National Geographic’s ‘gender revolution’ cover fails women

This week, National Geographic announced their “historic special issue” on the so-called “gender revolution.”

But, wait! What does this revolution look like?

On one version of the cover we have a nine-year-old named Avery, who identifies as a girl. Dressed in pink from head to toe (including dyed pink hair), the child is described as “sitting pretty” by Brittney McNamara at Teen Vogue, who adds, “Avery is the perfect choice for this historic milestone.”

Some have questioned the ethics of putting such a young child on the cover of a magazine, especially if this child is truly struggling with a disorder. Also troubling is the regressive presentation of Avery, decked out in a colour and posed in a way that is traditionally considered “feminine.” McNamara claims the cover “drives the point home that being transgender isn’t a choice, but just something you are,” implying that this feminized presentation represents something innate. Rather than saying that kids are drawn to various colours regardless of their sex and that boys should feel just as comfortable in pink as girls, the supposedly “revolutionary” cover conveys the opposite message: that this male child must be a girl because he wears pink.

Where does socialization and societal expectations factor into this “revolution?” Will it address the fact that boys are told they cannot wear dresses (lest they be called “girls?”)

Avery’s mother, Debi Jackson, is a self-identified “conservative, Southern-Baptists, Republican from Alabama.” In a speech that went viral back in 2014, Jackson explained that her child “transitioned” at four-years-old, “which means she changed her outward appearance from male to female,” thereby living as “her true gender.” Jackson explains that Avery was a “rough-and-tumble boy” until he was three-years-old, but then “asked her dad and I if we could buy her a princess dress.” They did not initially buy Avery the dress, assuming “she was going through a stage of liking bright and sparkly things.” But eventually Avery’s parents gave in to persistence and bought their child the feminine clothing requested (princess dresses, sparkly shoes, nightgowns…) After the child declared he “wanted his genitals gone,” Jackson did a Google search, which informed her that her child might be transgender.

Shunned by many in their family and community due to Avery’s clothing choices, Jackson says her family “went into hiding for about a year while [Avery] grew out her hair to look like the girl that she is.” That time enabled the family to reemerge with “a daughter.”

While indeed Avery may be suffering from what the DSM calls “gender dysphoria,” having declared himself to be a girl numerous times, both Jackson’s and National Geographic’s choice to focus so heavily on a feminized appearance is telling. Conservative America wouldn’t accept a boy in “girly” clothing, but shouldn’t liberal America see things differently? And if a child truly does suffer from body dysmorphia or gender dysphoria, why are sparkles, pink, and “princess dresses” the primary focus of discourse surrounding these conditions? Surely we can support kids to be whoever they want to be and dress however they like without further reinforcing sexist stereotypes…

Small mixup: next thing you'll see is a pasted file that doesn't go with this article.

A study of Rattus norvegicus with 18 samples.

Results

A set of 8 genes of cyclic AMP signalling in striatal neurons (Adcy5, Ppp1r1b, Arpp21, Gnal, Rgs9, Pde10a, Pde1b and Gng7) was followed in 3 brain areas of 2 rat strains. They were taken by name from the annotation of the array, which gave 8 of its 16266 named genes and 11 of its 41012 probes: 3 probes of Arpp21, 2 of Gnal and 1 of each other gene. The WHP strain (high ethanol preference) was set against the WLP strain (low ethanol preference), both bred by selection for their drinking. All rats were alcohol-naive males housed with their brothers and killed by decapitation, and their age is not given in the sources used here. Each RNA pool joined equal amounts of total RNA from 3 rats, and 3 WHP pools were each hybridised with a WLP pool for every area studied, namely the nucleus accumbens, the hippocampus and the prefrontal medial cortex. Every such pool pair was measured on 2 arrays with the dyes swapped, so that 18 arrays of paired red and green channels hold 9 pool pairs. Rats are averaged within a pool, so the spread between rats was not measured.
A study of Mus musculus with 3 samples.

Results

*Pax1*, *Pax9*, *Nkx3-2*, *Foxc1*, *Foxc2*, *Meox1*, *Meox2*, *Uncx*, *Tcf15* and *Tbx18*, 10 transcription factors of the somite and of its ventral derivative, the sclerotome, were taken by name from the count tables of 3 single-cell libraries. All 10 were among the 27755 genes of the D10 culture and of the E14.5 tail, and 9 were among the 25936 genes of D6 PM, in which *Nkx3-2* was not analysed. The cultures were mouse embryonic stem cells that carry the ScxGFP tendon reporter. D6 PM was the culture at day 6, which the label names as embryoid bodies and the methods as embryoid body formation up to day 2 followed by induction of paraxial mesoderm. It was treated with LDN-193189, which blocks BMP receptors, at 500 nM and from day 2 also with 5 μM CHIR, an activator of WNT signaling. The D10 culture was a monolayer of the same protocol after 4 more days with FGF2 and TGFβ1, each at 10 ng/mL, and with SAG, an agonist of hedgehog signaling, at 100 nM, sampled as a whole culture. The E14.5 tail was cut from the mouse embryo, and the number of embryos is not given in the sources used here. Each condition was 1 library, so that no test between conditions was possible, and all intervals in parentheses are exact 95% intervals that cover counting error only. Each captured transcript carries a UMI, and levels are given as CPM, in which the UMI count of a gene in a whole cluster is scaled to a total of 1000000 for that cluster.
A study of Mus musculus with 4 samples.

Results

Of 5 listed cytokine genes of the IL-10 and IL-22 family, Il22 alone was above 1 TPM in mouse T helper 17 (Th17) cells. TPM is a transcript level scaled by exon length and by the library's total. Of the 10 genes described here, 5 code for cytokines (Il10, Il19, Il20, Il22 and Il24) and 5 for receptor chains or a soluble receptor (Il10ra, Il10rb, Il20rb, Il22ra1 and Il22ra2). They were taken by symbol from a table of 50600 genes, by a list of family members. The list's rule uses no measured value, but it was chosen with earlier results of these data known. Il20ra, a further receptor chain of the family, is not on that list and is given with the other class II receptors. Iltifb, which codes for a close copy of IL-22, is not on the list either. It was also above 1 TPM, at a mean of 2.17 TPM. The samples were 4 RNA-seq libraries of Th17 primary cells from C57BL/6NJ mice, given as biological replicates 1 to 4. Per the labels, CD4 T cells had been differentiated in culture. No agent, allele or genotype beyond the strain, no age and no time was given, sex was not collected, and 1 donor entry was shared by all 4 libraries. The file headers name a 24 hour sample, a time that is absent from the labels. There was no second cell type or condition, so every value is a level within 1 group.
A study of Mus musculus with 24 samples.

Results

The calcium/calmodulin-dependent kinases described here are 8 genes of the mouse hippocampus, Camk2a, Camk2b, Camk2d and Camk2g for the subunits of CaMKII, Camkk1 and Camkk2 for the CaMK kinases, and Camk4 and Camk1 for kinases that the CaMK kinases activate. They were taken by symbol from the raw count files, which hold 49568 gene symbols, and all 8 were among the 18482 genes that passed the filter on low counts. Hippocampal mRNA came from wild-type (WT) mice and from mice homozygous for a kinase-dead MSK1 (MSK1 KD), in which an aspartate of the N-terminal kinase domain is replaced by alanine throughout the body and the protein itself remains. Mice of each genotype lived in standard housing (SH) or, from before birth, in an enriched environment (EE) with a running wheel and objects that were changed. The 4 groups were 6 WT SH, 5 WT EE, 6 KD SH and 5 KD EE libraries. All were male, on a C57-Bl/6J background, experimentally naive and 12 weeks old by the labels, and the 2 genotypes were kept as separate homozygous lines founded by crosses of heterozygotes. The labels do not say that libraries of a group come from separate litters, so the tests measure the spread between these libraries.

A second cover is no less troubling.

While the cover features a male, two “transgender females,” an “intersex non-binary” person, a “transgender male,” an “androgynous” person, and an individual who identifies as “bi-gender,” notably absent is… A woman!

Is this really what a “gender revolution” looks like? A boy whose “femaleness” is proven by stereotypically “girly” clothing and colours and an apparent rainbow of “genders” that excludes women entirely?

Gender, under patriarchy, is not the “spectrum” so many well-meaning liberals claim, but is, as feminist activist Lierre Keith says, “a hierarchy.” Gender functions in our society to devalue those born female and systemically empower those born male. A true “gender revolution” would fight stereotypes that say girls are inherently drawn to wear pink dresses and grow their hair long, while boys have short hair and are “rough-and-tumble.” It would, in fact, challenge society’s idea of gender itself, acknowledging that some humans are born female and others are born male, but that this doesn’t mean one is passive and submissive while the other is aggressive and dominant.

The trouble with gender, in any case, is not really just in the superficial — though women’s status as sex objects defines the clothing and grooming rituals we are expected to adhere to — but in our lesser status in this world and the violence we are subjected to as a means to enforce and remind us of that status. Prostitution, rape, sexual harassment, female genital mutilation (FGM), the mail-order bride industry, pornography, and domestic violence are all examples of this — none of which can be resolved by shunning pink and putting on a tie.

The group of people who most desperately need a “gender revolution” (you may recall there is already a movement afoot addressing the harm of gender — it’s called “feminism”) are women, yet National Geographic failed to acknowledge this on either cover, figuring, perhaps, that boring women and their gender troubles are old news.

But hey, celebrities loved it!

Meghan Murphy

Founder & Editor

Meghan Murphy is a freelance writer and journalist from Vancouver, BC. She has been podcasting and writing about feminism since 2010 and has published work in numerous national and international publications, including The Spectator, UnHerd, Quillette, the CBC, New Statesman, Vice, Al Jazeera, The Globe and Mail, and more. Meghan completed a Masters degree in the department of Gender, Sexuality and Women’s Studies at Simon Fraser University in 2012 and is now exiled in Mexico with her very photogenic dog.